To become a world-class eSports player has become an aspirational career for millennials across the globe, yet in a world where most young professionals accept that they will be working long after their 60th birthday, the majority of eSports pros have been hanging up their mousepads in their mid-20s. What are the reasons behind eSports pros retiring so early and what steps are being taken to prolong their careers?
Careers at the height of the eSports scene are notoriously short. Within Riot Games’ North American League of Legends scene, a professional in lieu can begin competing at the tender age of 17, though historically will retire at the ripe old age of 25. The generally accepted reasoning for such a short career lifespan, is that youth dictates two necessary factors of an eSports professional: lightening reaction times and precise motor skills.
Players who have extended their careers past the 25-year mark have typically found themselves branded as ‘washed up’. Former Team Liquid player, Brandon “Saintvicious” DiMarco, retired from playing at just 28 years old, labelled an “old man” by fans and even self-admittedly, before opting to take a back seat as a coach.
Former League of Legends professional Stephen “Snoopeh” Ellis retired from Evil Geniuses’ League of Legends roster before he had even reached the age of 23:
“People get tired in a lot of ways: you play 12 hours a day for six days a week, and four and a half years… you’re waking up in the same environment you’re working in and eating in as well, so there’s no switch-off.
“It’s a very toxic, intense environment, and for a long period of time that can be very, very tiring. So as a consequence their play suffers and then they become worse.”
Stephen “Snoopeh” Ellis
Player ‘burnout’ and a loss of competitive appetite remain as the most frequently referenced causes for early retirement. But as eSports enters a new era of investment, there has been a notable shift in accountability. In the past, the ‘blame’ for eSports professional’s early retirement age had been placed upon both the competing organisations and the wider industry standards.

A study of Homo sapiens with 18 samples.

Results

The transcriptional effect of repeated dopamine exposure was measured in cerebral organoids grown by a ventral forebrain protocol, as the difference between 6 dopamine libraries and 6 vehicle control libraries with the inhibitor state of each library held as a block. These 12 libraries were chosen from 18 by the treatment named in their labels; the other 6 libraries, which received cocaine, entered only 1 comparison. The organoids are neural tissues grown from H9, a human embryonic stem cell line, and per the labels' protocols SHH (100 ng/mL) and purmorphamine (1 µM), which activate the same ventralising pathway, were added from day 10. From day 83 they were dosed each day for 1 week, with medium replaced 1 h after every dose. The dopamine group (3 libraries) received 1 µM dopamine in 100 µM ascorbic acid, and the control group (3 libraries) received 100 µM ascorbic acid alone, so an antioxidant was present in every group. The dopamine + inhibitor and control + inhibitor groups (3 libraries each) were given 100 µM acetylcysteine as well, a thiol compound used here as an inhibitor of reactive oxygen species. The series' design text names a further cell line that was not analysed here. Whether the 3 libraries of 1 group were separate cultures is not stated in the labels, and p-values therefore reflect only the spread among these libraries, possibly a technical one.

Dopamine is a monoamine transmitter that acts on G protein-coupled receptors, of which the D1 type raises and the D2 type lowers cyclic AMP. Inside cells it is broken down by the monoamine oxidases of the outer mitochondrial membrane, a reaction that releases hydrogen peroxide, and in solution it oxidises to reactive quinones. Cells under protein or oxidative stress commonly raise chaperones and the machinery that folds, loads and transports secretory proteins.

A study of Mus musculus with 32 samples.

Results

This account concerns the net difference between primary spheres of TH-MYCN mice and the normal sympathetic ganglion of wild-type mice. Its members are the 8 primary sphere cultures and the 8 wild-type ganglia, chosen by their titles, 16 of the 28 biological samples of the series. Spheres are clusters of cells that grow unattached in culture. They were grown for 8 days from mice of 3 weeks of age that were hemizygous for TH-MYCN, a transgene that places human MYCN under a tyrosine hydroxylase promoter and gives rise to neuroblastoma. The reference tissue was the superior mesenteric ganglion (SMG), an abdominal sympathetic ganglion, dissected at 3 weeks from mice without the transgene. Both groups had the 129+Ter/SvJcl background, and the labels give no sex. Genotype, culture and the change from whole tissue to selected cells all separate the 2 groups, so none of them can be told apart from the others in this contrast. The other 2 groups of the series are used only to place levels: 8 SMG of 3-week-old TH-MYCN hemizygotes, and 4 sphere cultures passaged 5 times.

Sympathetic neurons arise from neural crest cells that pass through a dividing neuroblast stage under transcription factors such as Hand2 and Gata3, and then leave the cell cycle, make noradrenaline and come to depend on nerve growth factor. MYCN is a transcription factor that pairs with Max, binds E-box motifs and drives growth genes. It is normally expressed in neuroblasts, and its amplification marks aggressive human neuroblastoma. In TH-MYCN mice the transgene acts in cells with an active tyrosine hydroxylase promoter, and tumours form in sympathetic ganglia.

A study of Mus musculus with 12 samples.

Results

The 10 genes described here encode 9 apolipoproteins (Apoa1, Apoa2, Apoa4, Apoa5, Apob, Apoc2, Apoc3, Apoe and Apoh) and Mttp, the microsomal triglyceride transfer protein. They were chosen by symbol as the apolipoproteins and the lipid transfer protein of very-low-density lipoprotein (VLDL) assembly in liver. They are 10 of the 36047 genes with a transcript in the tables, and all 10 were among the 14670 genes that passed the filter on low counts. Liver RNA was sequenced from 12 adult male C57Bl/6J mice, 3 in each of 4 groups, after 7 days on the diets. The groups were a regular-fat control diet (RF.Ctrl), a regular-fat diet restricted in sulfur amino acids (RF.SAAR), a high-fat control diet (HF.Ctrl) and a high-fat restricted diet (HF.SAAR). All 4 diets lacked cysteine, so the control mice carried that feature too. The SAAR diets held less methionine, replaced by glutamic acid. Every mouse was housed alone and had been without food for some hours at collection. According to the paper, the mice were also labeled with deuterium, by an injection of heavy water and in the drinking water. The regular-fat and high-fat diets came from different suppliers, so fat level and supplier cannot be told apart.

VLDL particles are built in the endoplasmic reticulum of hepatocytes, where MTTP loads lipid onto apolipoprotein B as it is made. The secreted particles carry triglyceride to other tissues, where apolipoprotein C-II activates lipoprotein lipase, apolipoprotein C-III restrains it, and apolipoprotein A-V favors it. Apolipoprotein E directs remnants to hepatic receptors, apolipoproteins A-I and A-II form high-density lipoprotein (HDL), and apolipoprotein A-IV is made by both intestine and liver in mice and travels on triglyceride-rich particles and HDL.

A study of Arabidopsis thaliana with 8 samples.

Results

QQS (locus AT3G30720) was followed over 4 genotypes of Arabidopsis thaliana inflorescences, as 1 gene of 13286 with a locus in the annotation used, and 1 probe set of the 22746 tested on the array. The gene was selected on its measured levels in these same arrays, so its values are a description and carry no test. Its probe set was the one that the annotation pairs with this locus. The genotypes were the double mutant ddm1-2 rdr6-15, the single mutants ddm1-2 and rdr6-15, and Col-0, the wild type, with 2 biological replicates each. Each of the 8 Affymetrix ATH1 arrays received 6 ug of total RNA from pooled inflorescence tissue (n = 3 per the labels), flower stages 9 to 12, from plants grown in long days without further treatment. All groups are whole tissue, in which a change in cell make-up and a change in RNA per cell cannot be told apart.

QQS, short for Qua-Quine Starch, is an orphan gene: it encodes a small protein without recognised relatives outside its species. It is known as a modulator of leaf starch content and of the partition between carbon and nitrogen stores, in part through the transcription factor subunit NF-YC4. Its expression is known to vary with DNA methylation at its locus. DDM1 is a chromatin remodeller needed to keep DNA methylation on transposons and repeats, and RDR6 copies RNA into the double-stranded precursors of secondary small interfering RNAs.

Previously, teams were incentivised to push their players to the absolute limit, given that their performance in one particular season was far more important than their overall career span. Once a player had given their all, they could always be replaced with younger talent waiting in the wings; there was no incentive to consider a players potential burnout.
Team owners have since revolted against this line of thinking, redirecting the onus onto players themselves to be responsible for their career welfare. Immortals’ Noah Whinston went so far as to argue that to suggest eSports lifespans were ‘bullshit’:
“It’s kind of bullshit when people reference the lifespan of eSports pros in the current day. You have not seen the retirement of a pro in LCS since the influx of new investors into the scene – and there’s a reason for that.
“I think people kind of attributed the reasons that pros fell out of the scene earlier to: “you just cant hang with the young guns for more than three to four years” and I think thats completely wrong.
“I think what happened was people decided that sacrificing 14 hours a day and living in a team house wasn’t worth $25,000 a year.
“Now they’re not getting paid $25,000 anymore and ‘miraculously’, even players that aren’t performing that well, aren’t retiring – I wonder why that could be!?
“I think the idea that an eSports career has to be short is ludicrous.”
Noah Whinston, Immortals CEO
The life of an eSports professional undoubtedly burdens players with mental fatigue, though the financial motivations of the modern scene are now substantial enough to incentivise pros to extend their careers, where previously they might have retired. Burnout and boredom for the game are easily cured by money it seems.
As eSports player salaries (particuarly LCS pros) continue to soar, players are far more willing to sacrifice their time and personal lives as it will result in a healthy ‘nest egg’ when players decide to move on from their careers in stage. The stigma surrounding eSports players’ early retirement may soon become a thing of the past.